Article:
Press Release PLoS Genetics 7(1): e1001265.
Nonomura Laboratory, Experimental Farm, Kurata Laboratory, Plant Genetics
A novel RNA-recognition-motif protein is required for premeiotic G1/S-phase transition in rice ( Oryza sativa L.)
Ken-Ichi Nonomura, Mitsugu Eiguchi, Mutsuko Nakano, Kazuya Takashima, Norio Komeda, Satoshi Fukuchi, Saori Miyazaki, Akio Miyao, Hirohiko Hirochika, Nori Kurata
PLoS Genetics 7(1): e1001265. DOI: 10.1371/journal.pgen.1001265

  Meiosis is a pivotal event to produce haploid spores and gametes in all sexually reproducing species, and a fundamentally different type of cell cycle from mitosis. Flowering plants have evolved an intricate network of regulatory mechanisms to ensure proper timing of the transition to flowering (Fig. 1). In addition, to achieve simultaneous fertilization within a limited season, the timing of meiotic entry is also strictly regulated. In yeast and metazoans, RNA-binding proteins are known to play important roles in the post-transcriptional regulation of genes implicated in the meiotic entry and meiosis. In contrast, in the plant kingdom, the mechanisms to control the meiotic entry have largely remained elusive.

  In this study, we discover a novel RNA-recognition-motif (RRM) protein in rice ( Oryza sativa L.), designated MEL2, and demonstrate that MEL2 is required for the faithful transition of germ cells from mitosis to meiotic cell cycle (Fig. 2). Rice MEL2 shows partial similarity with human DAZAP1, which is an RRM protein and relates to Azoospermia syndrome in human, while there are critical structural differences between germline-specific RRM proteins of mammals and plants. Our findings will lead the molecular-biological studies of plant meiotic entry to the next steps, and enable to compare the systems of meiotic entry between animals and plants.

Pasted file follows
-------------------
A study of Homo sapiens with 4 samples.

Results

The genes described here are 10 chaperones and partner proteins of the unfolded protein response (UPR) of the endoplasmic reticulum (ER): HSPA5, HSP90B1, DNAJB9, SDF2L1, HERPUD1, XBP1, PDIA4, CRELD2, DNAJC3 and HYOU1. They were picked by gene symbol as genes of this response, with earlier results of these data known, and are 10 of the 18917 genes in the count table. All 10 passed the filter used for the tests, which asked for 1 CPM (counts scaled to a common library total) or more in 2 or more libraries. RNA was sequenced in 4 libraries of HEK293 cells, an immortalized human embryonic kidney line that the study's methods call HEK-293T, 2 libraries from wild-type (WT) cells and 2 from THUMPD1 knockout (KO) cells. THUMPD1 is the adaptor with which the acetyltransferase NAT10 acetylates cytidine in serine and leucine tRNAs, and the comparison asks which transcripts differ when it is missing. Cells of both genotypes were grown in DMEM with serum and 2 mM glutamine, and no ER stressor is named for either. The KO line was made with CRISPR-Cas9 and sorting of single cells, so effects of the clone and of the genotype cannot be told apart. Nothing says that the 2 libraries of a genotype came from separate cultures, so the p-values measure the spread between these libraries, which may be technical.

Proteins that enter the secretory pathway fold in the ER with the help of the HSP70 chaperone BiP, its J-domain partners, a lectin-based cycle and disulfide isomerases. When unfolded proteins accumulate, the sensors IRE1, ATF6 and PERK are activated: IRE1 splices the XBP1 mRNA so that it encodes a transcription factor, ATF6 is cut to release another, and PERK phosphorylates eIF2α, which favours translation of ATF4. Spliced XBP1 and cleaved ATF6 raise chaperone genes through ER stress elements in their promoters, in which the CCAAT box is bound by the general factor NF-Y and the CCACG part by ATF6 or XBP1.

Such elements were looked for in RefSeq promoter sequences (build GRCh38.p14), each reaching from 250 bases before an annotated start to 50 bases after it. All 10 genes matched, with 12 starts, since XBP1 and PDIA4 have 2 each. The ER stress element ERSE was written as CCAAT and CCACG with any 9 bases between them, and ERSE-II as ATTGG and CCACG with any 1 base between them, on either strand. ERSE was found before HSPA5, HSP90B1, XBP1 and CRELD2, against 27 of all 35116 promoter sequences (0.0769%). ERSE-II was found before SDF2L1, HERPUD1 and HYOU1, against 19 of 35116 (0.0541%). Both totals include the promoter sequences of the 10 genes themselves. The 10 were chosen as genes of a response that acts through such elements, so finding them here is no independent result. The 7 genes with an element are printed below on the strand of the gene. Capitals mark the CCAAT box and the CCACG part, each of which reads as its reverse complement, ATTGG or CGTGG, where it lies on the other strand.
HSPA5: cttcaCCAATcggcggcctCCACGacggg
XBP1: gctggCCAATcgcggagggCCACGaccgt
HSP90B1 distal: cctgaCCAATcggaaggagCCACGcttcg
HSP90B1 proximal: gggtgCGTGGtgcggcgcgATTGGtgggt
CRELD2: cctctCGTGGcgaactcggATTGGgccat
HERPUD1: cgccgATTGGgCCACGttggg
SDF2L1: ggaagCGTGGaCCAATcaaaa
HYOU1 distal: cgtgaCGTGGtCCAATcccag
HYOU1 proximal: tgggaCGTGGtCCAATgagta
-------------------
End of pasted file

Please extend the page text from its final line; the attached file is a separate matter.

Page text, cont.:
Fig. 1. The synchronous formation of pollens is attributed to the synchronous progression of male meioses in the anther of angiosperm.
Fig. 2. Germ cells in the mel2 mutant are unable to transit to meiosis.
(A, B) The longitudinal section of rice anthers of the wild-type (A) and mel2 mutant (B). The MEL1 gene, which encodes an Argonaute protein and is expressed in premeiotic germ cells (Nonomura et al. 2007), is down-regulated in wild-type meiocytes (open arrow). In mel2 germ-cells at the same stage with panel A, the MEL1 is strongly expressed (closed arrow).
(C, D) The germ cell nuclei of the wild-type (C) and mel2 mutant (D). The rice meiotic protein PAIR2, which is required for synaptonemal complex formation (Nonomura et al. 2006), was stained immunofluorescently (magenta), and chromosomes were counter-stained with DAPI (blue). In the wild type, a filamentous structure of PAIR2 is clearly observed, inidcating that the formation of synaptonemal comprex is normally initiated. In mel2 germ-cells at the same stage with panel C, filamentous PAIR2 structure is barely observed.